Another Reason Vacations Are Important
You have an extremely dedicated employee, who never takes a vacation. It’s time to kick them out the door – at least for a couple of weeks.
According to the indictment, the office manager embezzled over $200,000 over six years: she was the bookkeeper for the church, and falsified records to cover her tracks. Her actions came to light when she was out sick – others covering for her noticed oddities in the books and started the investigation. She has been indicted on grand theft charges with preliminary hearings this week, and is facing two years and eight months in prison. Link1 Link2
One of the red flags for fraud is when a trusted employee never takes vacation. Here, we don’t know about the office manager’s vacation habits, but the odd numbers showed up when she was out sick.
She appears to have had check-writing authority, and was the bookkeeper as well. This is a violation of the key principle of separation-of-duties: if they can touch the money, don’t let them keep the books. If they keep the books, don’t let them touch the money. (Strictly speaking, the concept is a bit more general: “Don’t let the same person have access to the assets and have the ability to cover their tracks.” So this would also apply to the usher taking up a collection on the balcony and being out of sight on the stairs. He would have a plate full of cash, and would be out of sight for a short time.)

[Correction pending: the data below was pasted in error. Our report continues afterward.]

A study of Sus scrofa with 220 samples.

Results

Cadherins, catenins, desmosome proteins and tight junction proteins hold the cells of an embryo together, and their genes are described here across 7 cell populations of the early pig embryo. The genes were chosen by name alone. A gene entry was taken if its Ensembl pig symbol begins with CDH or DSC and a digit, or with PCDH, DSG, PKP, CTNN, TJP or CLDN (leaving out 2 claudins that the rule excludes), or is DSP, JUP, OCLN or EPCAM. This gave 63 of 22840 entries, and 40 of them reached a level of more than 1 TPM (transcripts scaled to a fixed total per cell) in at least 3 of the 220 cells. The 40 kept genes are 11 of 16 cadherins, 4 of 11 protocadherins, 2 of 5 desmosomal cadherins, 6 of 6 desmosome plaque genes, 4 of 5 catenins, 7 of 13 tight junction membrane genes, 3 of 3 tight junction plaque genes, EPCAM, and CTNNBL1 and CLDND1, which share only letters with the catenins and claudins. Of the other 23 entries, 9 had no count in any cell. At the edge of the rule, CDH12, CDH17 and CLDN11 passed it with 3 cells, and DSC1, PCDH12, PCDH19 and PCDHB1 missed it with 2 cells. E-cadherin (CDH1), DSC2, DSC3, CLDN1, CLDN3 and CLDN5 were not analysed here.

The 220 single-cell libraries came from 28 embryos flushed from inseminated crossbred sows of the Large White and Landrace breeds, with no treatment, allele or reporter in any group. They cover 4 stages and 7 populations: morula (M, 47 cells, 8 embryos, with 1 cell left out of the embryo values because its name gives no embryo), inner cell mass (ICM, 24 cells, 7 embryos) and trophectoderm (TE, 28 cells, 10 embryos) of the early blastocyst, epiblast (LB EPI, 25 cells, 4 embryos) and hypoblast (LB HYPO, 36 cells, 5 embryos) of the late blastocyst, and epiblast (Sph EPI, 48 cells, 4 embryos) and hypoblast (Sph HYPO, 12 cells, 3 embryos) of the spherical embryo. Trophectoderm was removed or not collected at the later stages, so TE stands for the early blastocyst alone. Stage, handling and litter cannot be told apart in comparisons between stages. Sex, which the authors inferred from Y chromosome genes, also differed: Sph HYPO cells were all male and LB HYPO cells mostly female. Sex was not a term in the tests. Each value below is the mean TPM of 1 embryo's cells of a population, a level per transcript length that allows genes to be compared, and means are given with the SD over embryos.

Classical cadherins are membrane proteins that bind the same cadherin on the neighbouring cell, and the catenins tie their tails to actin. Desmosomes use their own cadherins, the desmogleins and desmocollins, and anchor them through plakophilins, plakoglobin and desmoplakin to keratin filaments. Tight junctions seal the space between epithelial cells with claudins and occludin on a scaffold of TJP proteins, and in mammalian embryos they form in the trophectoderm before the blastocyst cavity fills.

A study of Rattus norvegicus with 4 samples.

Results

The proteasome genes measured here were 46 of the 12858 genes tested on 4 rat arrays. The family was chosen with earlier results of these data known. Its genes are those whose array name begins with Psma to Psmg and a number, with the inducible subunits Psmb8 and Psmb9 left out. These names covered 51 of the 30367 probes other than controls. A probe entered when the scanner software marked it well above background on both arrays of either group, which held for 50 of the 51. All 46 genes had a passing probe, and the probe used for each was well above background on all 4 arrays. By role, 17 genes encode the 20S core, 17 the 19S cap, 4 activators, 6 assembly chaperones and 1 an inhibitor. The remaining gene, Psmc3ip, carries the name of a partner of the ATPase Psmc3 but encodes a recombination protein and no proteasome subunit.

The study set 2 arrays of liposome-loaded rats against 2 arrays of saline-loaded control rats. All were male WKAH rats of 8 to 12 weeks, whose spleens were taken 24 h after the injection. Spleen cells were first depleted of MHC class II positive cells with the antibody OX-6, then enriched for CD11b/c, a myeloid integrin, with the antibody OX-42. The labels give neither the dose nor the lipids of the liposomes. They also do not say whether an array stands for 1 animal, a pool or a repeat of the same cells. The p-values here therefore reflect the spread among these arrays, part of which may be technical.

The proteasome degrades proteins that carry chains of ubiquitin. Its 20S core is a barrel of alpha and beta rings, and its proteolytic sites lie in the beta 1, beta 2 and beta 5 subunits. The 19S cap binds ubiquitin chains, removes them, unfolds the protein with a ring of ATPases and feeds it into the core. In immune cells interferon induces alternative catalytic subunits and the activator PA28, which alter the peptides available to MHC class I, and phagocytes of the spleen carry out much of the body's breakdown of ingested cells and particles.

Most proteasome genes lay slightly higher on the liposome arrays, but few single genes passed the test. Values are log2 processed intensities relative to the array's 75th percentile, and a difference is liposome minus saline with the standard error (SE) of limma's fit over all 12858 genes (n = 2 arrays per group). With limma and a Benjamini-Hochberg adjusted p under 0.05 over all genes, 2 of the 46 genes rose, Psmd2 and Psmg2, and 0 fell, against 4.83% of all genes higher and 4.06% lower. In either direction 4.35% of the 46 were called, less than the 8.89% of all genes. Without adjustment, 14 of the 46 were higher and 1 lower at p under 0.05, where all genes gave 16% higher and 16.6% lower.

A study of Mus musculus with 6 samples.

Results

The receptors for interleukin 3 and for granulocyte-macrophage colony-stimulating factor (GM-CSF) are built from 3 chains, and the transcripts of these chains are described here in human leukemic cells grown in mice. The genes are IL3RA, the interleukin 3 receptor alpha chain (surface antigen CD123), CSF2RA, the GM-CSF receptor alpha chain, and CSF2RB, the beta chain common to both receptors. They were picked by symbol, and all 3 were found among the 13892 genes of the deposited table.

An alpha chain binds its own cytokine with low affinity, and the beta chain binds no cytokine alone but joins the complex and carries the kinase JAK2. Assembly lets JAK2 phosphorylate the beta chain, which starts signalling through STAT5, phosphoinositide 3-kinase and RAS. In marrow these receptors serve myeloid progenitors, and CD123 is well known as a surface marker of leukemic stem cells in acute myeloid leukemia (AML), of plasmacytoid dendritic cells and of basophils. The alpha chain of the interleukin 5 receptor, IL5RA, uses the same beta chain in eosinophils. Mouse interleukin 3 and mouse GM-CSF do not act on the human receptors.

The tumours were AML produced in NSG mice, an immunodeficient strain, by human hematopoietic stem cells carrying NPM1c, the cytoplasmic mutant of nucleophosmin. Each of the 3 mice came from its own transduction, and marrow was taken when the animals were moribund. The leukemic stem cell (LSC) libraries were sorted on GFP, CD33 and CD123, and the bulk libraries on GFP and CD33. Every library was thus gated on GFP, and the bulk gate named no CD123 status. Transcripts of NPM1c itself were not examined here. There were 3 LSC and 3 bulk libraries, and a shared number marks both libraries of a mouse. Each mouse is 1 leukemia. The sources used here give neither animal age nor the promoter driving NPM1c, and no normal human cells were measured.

And it appears that nobody was looking at the bank statements: had they been looking for odd entries, they might have caught the problem earlier: it appears that she had been at it for over six years.
How To Prevent This At Your Church:
- Don’t let the person keeping the books have ANY access to church assets. This includes bank accounts, check-writing, debit or credit cards, checks arriving in the mail, and cash.
- Have someone look over the bank and credit card statements before giving them to the bookkeeper. The easy way to do this is to have the bank mail them directly to the pastor’s home (or the home of another senior staff person or elder). That person’s job is to do a ‘smell check’ on the statements, looking for odd entries.
- Ensure that all employees and volunteers who work with church money take vacations, and that someone else do their job while they are gone.
Consider our church audit service – it’s easy and surprisingly affordable. We help find holes in financial procedures and tell you how to plug them.
- Your church’s chief money person answers a bunch of questions online
- He or she fields questions out to others as needed;
- All the answers are reviewed by the church staff, elders, and deacons (and corrected as necessary);
- We produce a book showing what is being done well and what could be improved.
- The book also includes a ‘best practices’ section and a plan to do it all with the minimum number of people;
- We print copies of the book for the pastor and each board member, and meet by video conference to discuss implementation.